Whitman Stamp/Sachs Prize – Poetry News Roundup September 13th

Our final poetry news round-up of the week takes a look at the Walt Whitman stamp and the winner of this year’s Nelly Sachs literature prize.

Stamp Released for Walt Whitman Bicentennial

Walt Whitman, often referred to as the father of modern poetry, was commemorated yesterday with the release of a postage stamp in the U.S. The stamp has been released to celebrate the bicentenary of the Long Island poet.

A dedication ceremony was held to unveil the stamp which went on sale in Huntington, the poet’s birthplace. A series of First Day of Issue postcards will be sold alongside the stamp.

The release of the stamp follows many years of work by a member of the Whitman Initiative, Ed Centeno. It was back in June 2017 that Centeno began a campaign, the goal of which was to have a stamp created for the bicentennial birthday celebrations of the poet. The poet has only ever appeared on one stamp previously; in 1940 on a 5-cent airmail stamp.

The Walt Whitman stamp forms part of a series of special issue stamps. The other stamps in the issue contain tributes to Gregory Hines and Marvin Gaye. There were also stamps to celebrate the scenic rivers of the US and the 50th anniversary of Woodstock.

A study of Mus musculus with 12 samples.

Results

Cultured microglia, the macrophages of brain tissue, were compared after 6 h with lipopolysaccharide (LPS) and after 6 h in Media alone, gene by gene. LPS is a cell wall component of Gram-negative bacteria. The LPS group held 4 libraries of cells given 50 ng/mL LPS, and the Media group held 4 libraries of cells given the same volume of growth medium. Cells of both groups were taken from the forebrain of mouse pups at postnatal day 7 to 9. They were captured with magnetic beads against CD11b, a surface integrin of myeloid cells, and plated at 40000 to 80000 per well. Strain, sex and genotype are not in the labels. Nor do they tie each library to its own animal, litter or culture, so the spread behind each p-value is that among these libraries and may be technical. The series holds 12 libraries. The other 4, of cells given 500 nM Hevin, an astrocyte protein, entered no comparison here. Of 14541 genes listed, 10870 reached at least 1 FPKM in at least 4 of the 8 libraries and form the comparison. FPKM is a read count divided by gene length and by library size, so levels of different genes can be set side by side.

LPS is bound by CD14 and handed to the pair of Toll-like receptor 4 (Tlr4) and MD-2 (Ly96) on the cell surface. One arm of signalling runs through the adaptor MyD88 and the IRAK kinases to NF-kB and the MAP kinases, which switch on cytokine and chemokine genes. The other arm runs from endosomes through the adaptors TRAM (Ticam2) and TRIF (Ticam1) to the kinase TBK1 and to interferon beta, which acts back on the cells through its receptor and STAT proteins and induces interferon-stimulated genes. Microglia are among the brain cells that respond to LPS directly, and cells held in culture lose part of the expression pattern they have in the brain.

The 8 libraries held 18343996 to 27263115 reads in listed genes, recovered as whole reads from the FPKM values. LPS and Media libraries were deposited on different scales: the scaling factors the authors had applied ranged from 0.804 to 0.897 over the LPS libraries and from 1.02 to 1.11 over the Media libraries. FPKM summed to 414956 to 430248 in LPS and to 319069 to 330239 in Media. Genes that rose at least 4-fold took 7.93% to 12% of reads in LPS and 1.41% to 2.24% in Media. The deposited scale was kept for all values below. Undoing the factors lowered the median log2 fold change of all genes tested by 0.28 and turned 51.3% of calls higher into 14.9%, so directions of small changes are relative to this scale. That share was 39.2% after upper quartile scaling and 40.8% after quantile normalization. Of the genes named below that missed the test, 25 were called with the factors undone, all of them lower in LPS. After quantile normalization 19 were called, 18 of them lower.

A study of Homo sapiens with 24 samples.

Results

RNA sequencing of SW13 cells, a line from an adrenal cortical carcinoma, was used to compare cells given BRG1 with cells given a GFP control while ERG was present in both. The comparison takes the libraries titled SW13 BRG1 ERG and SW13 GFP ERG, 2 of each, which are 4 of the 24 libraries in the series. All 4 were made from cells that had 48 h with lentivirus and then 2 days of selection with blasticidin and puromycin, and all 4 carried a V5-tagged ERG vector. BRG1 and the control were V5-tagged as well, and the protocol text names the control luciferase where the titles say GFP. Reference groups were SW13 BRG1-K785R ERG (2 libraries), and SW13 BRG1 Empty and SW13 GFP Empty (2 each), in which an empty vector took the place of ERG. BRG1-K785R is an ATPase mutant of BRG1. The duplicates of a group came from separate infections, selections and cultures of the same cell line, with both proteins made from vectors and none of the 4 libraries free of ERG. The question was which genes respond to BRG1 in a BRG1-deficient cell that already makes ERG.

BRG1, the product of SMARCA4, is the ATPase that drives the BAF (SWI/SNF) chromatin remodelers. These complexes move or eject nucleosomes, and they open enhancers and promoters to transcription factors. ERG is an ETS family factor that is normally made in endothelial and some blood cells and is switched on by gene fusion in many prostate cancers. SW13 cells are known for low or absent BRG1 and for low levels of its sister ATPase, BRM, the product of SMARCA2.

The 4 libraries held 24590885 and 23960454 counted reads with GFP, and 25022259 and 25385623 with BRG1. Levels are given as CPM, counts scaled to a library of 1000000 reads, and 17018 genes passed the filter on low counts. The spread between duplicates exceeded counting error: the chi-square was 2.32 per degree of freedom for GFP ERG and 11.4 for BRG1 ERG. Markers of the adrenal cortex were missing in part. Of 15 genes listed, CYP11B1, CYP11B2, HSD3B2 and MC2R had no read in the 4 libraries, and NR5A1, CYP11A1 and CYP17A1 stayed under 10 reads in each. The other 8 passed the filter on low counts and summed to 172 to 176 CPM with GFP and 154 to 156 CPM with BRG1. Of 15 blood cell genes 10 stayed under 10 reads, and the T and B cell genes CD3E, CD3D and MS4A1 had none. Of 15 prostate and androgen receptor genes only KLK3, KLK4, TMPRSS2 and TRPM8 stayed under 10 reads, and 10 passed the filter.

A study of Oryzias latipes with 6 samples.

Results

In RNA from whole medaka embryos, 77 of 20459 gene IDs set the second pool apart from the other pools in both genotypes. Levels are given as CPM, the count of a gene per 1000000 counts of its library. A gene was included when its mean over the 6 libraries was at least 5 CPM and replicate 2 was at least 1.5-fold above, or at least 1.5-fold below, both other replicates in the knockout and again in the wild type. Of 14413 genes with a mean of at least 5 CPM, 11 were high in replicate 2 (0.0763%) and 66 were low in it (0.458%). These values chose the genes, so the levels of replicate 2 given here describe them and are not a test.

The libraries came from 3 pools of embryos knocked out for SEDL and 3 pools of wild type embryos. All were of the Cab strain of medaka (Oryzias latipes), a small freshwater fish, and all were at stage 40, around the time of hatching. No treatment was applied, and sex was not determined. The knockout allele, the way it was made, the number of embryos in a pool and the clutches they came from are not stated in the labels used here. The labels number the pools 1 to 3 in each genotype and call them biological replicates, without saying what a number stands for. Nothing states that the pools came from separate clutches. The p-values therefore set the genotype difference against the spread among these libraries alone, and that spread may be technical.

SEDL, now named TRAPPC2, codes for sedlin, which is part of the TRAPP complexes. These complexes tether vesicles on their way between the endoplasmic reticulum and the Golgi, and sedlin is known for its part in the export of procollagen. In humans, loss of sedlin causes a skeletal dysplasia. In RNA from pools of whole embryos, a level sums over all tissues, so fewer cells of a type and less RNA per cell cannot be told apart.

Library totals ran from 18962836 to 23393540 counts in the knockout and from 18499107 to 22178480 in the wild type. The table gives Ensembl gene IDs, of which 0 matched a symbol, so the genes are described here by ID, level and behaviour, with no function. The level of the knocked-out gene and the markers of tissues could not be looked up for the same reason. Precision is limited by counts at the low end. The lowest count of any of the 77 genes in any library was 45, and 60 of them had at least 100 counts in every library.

The stamp has a portrait of Whitman that is based on an 1869 photograph. In the background there is a lilac bush and a hermit thrush – this is a nod to the poem “When Lilacs Last in the Dooryard Bloom’d” which Whitman wrote about President Abraham Lincoln in 1865.

German Literary Prize Jury Reconsidering Decision Over Recent Prize Winner

In the city of Dortmund, Germany, the jury of the Nelly Sachs literature prize are contemplating their recent decision to award the prize to Kamila Shamsie.

The British writer, who was born in Pakistan is a staunch supporter of the movement to boycott Israel.

Nelly Sachs was a German-born playwright and poet and a Jewish Nobel Prize winner. The prize is given in recognition of a writer who champions respect, tolerance and reconciliation. This is a prize that is awarded every two years and carries a 15,000-euro prize.

Shamsie has refused to allow the publication of any of her works in Israel and earlier this week spoke out about her support for the boycott. Last spring the German Bundestag declared that the movement against Israel was anti-Semitic and many cities passed laws that prevented any official support for it.

Shamsie has refused to have her works published in Israel, and reiterated her support for the boycott movement on Wednesday. She has also suggested that the city should choose someone else to win the prize in her place. Her views were not known to the prize jury when considering her as a possible winner.

The Nelly Sachs prize has previously been won by Horst Beinek, Milan Kundera and Margaret Atwood to name just a few.